I’m dipping my toes into playing with deep reinforcement learning via Unity’s ML-Agents package. I made my first run with the safest most mature option “Verified Package 1.0.8”, which mapped to Release 2 by the ML-Agents repository versioning scheme. No problems were encountered during installation and I was able to run the 3D balancing ball project in the Getting Started guide. From there I could either explore Release 2 further or try a more adventurous release. I chose the latter and proceeded to install ML-Agents Release 18.
Doing this experiment on the same machine meant I had to keep the two installations separate. Unity Hub is already well-suited to keeping distinct versions isolated so they could run in parallel (Unity 2019.4.25f1 for release 18) though there’s a potential point of conflict if Unity editors required different versions of Visual Studio Community Edition for editing code. On the Python side, Anaconda is well suited to keep Python environments separate. Since files are referenced by directory, though, I cloned the ml-agents GitHub repository separately for each release instead trying to switch back and forth within the same directory.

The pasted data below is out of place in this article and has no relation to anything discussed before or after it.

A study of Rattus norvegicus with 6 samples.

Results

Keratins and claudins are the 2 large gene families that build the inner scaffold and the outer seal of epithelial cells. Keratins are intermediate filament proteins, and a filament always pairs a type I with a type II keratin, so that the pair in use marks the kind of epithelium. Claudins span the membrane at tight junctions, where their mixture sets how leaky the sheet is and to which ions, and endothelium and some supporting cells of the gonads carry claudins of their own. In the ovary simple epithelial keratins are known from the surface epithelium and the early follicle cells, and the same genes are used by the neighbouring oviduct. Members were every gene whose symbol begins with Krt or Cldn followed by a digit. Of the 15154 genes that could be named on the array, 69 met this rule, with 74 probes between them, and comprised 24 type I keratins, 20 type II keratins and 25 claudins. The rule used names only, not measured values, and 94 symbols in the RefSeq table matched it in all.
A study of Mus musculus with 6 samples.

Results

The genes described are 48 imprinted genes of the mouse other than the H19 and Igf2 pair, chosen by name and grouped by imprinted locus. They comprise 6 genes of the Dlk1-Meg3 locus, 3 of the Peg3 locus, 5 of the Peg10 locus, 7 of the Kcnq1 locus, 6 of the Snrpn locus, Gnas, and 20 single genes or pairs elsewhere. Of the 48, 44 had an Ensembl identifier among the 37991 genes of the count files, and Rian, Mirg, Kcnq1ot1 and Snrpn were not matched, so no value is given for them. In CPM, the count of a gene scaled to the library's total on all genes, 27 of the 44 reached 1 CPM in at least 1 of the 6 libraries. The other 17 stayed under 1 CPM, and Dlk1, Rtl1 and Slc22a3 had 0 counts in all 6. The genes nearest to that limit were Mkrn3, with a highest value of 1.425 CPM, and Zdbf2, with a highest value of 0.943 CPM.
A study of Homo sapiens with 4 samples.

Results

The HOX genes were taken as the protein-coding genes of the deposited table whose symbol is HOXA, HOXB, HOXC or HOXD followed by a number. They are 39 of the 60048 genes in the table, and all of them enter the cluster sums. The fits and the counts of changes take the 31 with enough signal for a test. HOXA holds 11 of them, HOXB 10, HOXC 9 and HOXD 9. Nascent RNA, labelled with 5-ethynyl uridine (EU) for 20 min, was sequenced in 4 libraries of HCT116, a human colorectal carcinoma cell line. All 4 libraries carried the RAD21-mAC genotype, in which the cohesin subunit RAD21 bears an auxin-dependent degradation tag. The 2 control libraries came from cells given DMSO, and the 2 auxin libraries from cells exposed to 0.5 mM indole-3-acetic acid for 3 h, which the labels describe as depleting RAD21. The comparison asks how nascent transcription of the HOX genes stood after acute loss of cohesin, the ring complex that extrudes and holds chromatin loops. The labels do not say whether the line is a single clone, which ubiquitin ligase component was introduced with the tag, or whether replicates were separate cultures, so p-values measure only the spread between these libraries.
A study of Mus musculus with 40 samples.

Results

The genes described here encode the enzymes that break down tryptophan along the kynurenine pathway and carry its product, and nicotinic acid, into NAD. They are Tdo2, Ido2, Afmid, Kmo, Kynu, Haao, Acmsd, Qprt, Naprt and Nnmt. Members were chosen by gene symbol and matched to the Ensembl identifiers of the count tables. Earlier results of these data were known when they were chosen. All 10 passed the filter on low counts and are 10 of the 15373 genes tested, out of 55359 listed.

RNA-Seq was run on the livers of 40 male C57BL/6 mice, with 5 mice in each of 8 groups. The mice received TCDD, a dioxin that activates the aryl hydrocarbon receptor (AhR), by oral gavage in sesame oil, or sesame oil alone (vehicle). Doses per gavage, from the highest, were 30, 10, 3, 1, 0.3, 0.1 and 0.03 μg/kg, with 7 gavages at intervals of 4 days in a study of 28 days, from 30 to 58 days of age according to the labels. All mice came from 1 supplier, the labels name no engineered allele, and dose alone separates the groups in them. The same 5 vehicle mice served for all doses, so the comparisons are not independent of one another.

I very much appreciated Unity for their project documentation, as my installation and Getting Started process went just as smoothly. I didn’t expect to notice much different between release 2 and 18, but even just in installation and Getting Started I saw they’ve made changes. The biggest one that caught my eyes is that ml-agents switched from TensorFlow to PyTorch sometime during this time. There are other smaller changes, the most welcome one to me is a much more comprehensive collection of example configurations in the release_18 /config/ subdirectory. Release 2 had only a handful of files, release 18 had a far larger directory tree to let people (like me) have more than one starting point.
I’m not quite sure where to go from here, but given how well documented ml-agents appears to be, I thought it would be interesting to take a quick look back to see where they’ve been.